Company magazine, the monthly Hearst UK glossy aimed at younger women, will cease print publication after 36 years in September and go online-only.

Hearst announced on Wednesday that after Company's final issue, October 2014, goes on sale on 5 September, it will focus its efforts on targeting 16-24 year old women via the title's website, Company.co.uk.

The publisher said it was too soon to say if the print closure will lead to job cuts and it would attempt to find roles for any individuals affected by the change.

Last August, when the media praised celebrity doctor Mehmet Oz for helping to save a British tourist who'd been hit by a cab, Hearst Magazines' multi-million dollar bet on a Dr. Oz magazine seemed like money in the bank.

All of that hero talk seemed to be forgotten this week, however, as a Senate subcommittee pilloried Mr. Oz for hyping dubious miracle cures on his TV show.

"I don't get why you say this stuff because you know it's not true," Sen. Claire McCaskill, a Democrat from Missouri, told Mr. Oz during a hearing on consumer protection Tuesday.

Hearst Corporation, whose holdings include Cosmopolitan magazine and a stake in ESPN, is continuing its push into healthcare and creating a division called Hearst Health.

The unit consists of five healthcare-information companies, as well as an innovation lab and venture fund with a commitment to invest $75 million in startups in the space and a second round of $75 million planned for the future, according to the company.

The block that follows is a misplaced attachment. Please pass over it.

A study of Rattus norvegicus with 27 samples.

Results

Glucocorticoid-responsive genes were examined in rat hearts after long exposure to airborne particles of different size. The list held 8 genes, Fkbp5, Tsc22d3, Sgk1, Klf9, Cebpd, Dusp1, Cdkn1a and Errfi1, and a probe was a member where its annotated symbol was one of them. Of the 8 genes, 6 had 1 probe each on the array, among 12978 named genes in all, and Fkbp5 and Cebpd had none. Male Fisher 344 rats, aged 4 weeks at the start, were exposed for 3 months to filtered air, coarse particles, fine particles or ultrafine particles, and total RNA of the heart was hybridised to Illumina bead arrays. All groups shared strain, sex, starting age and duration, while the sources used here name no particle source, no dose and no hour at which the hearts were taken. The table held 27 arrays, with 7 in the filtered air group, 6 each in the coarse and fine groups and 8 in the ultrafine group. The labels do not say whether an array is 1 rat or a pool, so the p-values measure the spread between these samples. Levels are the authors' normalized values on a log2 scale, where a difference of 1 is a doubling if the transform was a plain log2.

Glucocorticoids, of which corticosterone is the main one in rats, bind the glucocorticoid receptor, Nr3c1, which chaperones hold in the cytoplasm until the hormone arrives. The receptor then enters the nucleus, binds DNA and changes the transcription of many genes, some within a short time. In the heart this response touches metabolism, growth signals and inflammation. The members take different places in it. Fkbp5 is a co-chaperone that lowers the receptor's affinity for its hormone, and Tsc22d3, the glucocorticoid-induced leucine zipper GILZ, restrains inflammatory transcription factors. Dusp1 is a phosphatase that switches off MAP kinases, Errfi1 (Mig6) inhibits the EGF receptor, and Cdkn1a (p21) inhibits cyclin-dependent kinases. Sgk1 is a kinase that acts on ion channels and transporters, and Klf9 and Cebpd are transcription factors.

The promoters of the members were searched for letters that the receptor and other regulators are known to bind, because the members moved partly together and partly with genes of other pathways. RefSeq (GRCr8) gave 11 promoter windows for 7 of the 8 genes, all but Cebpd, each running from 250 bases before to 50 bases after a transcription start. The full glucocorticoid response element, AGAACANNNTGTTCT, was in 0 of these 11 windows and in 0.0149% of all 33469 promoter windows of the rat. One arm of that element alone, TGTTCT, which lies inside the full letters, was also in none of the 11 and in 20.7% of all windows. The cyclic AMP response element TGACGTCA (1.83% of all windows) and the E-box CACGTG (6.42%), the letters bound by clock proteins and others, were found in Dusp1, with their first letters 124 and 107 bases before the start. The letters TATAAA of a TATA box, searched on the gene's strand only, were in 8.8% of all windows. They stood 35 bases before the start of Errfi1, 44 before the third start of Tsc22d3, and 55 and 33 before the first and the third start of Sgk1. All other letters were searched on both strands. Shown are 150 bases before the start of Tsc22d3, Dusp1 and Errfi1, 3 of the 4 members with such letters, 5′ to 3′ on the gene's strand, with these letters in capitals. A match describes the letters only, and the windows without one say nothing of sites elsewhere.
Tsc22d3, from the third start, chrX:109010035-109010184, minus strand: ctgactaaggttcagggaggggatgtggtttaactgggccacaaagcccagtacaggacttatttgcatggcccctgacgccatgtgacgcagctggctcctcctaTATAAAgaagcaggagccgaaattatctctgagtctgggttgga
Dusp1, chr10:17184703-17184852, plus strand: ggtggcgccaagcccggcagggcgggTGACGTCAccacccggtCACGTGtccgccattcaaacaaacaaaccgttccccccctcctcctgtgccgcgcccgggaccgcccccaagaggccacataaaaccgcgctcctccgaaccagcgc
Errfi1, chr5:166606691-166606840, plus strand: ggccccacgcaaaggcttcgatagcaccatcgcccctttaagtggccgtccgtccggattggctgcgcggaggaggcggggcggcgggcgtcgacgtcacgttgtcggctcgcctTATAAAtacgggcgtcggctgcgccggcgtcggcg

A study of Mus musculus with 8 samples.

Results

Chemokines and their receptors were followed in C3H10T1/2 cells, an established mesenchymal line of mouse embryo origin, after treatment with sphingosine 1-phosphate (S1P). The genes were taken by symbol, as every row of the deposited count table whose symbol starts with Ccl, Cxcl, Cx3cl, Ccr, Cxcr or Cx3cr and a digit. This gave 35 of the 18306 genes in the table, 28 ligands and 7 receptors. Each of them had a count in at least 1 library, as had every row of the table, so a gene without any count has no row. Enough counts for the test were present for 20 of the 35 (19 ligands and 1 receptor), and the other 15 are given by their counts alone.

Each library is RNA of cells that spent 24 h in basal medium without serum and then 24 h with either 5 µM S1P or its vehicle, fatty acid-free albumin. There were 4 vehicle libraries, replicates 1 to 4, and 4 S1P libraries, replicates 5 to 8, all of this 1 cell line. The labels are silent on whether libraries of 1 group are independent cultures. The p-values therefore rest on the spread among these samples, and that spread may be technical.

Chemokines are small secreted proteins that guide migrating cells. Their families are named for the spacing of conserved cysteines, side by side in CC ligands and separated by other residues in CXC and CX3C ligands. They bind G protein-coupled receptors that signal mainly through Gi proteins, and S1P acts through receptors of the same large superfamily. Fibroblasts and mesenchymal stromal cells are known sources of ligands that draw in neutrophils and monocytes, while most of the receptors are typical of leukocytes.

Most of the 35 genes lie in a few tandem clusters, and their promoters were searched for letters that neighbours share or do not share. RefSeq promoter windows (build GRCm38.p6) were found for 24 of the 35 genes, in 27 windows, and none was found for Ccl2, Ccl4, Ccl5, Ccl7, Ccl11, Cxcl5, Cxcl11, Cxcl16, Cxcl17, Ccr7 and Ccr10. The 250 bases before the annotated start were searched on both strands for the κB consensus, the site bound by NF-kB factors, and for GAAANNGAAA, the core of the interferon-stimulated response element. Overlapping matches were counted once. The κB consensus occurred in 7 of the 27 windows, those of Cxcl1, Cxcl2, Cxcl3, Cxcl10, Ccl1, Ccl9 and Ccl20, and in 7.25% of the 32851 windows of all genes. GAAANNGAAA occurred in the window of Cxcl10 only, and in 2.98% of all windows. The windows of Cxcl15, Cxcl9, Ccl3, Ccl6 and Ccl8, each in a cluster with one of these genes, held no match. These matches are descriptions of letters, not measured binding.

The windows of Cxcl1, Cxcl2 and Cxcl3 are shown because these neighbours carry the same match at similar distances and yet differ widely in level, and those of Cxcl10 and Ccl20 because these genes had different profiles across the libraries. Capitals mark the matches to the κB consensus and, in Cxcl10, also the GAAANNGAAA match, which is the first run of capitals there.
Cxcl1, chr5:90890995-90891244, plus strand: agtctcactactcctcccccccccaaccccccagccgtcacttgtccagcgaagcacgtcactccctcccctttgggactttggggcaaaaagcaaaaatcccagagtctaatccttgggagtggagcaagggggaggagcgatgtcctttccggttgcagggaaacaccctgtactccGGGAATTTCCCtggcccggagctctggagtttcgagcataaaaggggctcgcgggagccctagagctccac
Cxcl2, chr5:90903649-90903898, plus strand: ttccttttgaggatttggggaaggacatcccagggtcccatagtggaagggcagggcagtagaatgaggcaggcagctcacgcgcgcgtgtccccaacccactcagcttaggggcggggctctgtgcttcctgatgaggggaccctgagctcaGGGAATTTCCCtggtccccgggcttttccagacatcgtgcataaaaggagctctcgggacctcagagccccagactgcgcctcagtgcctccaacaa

Hearst already owns or holds a majority stake in the division's companies, but their lack of a unified brand until now had created challenges

Hearst has poached Forbes.com President Mike Smith to head up revenue and operations for its digital media division, The Post has learned.

The pressure is on Hearst Magazines to wring more revenue from the digital side this year.

Last year, the privately held Hearst had full-year digital ad revenue of just $58.86 million, down from $60.2 million in 2011, according to numbers obtained by The Post.

This year the magazine budgeted for digital ad revenue of just under $70 million, or a 19 percent increase.

After nearly 30 years of running the Hearst Corporation, the privately held media company, has announced that he is stepping down. Mr. Bennack, the 80-year-old chief executive of Hearst, used profits from titles like Cosmopolitan and Good Housekeeping to...

Hearst Ventures, a unit of Hearst Corporation, and Science Inc. today announced a minority equity investment by Hearst in Science Inc., a technology operating company specializing in the creation and rapid scaling of digital businesses.